Yalda Night

Iran Nomad ToursOtherYalda Night

Although many celebrations fade away by the passage of time, the vibrant, festive ceremony of Shab-e-Yalda (Shab-e-chelle) is one of the festivities that stood the test of time. It remains as one of the most ancient national ceremonies that has been celebrated in Iran as well as a few other countries for centuries since the old days of the Persian Empire.

Yalda night (celebrated as the rebirth of the sun) is the winter solstice festival in the northern hemisphere celebrated on the “longest and darkest night of the Persian year” which is the last night of the autumn & corresponds to December 20/21 in the Gregorian calendar & it’s also celebrated in countries like Tajikistan, Afghanistan, Uzbekistan, Turkmenistan Azerbaijan, Armenia & a few other countries that have some ceremonies not equal but quite similar to Yalda at almost the same time of the year.


What do Iranians do at Yalda Night?

As a tradition, Iranians gather in the homes of the elders of the family or their friends’ houses on Yalda night to eat, drink, talk, dance and read poetry (especially Hafez and Shāhnameh) until late after midnight.

Fruits (fresh & dried) and nuts are common items on any Yalda night. pomegranates and watermelons are particularly significant among the served fruits. The ancient myth is that eating watermelon on Yalda night makes people immune to the cold weather of the upcoming winter as well as the approaching summer’s heat & eating pomegranate makes their life blessed & fruitful. In some parts of Iran, especially among the more traditional families, the family of the groom sends a basket of Yalda items or a beautifully decorated watermelon along with different fresh and dried fruits as well as small gifts or jewelry to the house of his future wife as a nice gesture & custom.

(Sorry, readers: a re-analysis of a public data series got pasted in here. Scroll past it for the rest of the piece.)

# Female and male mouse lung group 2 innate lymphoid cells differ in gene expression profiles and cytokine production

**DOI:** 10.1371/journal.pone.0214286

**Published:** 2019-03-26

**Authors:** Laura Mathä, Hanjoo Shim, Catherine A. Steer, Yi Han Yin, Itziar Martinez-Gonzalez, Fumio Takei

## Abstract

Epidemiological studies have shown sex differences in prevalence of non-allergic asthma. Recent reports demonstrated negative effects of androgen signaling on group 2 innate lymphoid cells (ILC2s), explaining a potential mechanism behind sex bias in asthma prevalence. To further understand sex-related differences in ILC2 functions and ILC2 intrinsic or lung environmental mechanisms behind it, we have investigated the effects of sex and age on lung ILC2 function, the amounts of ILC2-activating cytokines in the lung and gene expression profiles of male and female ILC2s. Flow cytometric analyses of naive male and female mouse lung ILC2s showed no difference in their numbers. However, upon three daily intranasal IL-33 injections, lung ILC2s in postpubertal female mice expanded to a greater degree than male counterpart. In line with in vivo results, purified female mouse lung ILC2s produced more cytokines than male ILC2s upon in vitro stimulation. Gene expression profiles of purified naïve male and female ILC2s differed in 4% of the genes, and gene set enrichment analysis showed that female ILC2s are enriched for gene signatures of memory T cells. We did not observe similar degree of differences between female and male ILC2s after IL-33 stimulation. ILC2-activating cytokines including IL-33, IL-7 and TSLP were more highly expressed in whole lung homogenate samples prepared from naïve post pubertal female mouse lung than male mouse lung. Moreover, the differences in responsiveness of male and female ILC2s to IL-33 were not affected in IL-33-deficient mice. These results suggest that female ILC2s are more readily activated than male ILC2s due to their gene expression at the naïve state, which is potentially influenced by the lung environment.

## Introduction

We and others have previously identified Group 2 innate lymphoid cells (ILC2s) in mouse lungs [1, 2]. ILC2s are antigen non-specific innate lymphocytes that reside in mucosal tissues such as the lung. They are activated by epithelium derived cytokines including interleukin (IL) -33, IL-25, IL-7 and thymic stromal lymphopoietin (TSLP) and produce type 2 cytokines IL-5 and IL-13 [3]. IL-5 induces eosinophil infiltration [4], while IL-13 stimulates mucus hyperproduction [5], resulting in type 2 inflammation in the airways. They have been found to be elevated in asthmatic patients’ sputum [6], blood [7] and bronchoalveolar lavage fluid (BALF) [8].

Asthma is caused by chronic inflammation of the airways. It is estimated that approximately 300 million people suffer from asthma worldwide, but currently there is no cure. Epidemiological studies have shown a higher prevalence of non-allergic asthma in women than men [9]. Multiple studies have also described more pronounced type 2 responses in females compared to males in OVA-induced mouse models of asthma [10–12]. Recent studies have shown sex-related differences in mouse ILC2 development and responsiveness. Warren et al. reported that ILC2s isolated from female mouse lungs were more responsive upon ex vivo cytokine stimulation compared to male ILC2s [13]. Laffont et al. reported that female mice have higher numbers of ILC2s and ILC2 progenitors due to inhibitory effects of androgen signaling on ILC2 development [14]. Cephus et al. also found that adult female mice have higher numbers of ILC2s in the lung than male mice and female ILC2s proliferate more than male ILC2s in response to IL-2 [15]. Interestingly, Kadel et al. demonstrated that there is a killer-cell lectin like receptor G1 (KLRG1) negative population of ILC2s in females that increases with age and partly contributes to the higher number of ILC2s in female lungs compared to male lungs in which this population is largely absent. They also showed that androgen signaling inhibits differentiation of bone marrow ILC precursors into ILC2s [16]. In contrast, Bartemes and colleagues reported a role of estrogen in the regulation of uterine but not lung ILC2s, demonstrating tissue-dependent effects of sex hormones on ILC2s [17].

By the way, You may have noticed that the colour red is a widely used colour in the decorations & dressings of people on Yalda night. The colour red in the fruits & the whole theme of Yalda night symbolises the scarlet hues of dawn and glow of life.

After dinner the older individuals entertain the other members of the family  by narrating stories & memories. Another popular and prevalent pastime of Yalda is faal-e Hafez, which is basically a way of divination (bibliomancy) using the Divān (the poems book) of Hafez (famous Persian poet) which can be found in almost any Iranian’s house.

We wish you a life as long & happy as Shab-e-Yalda, as sweet as watermelon and as fruitful as pomegranate!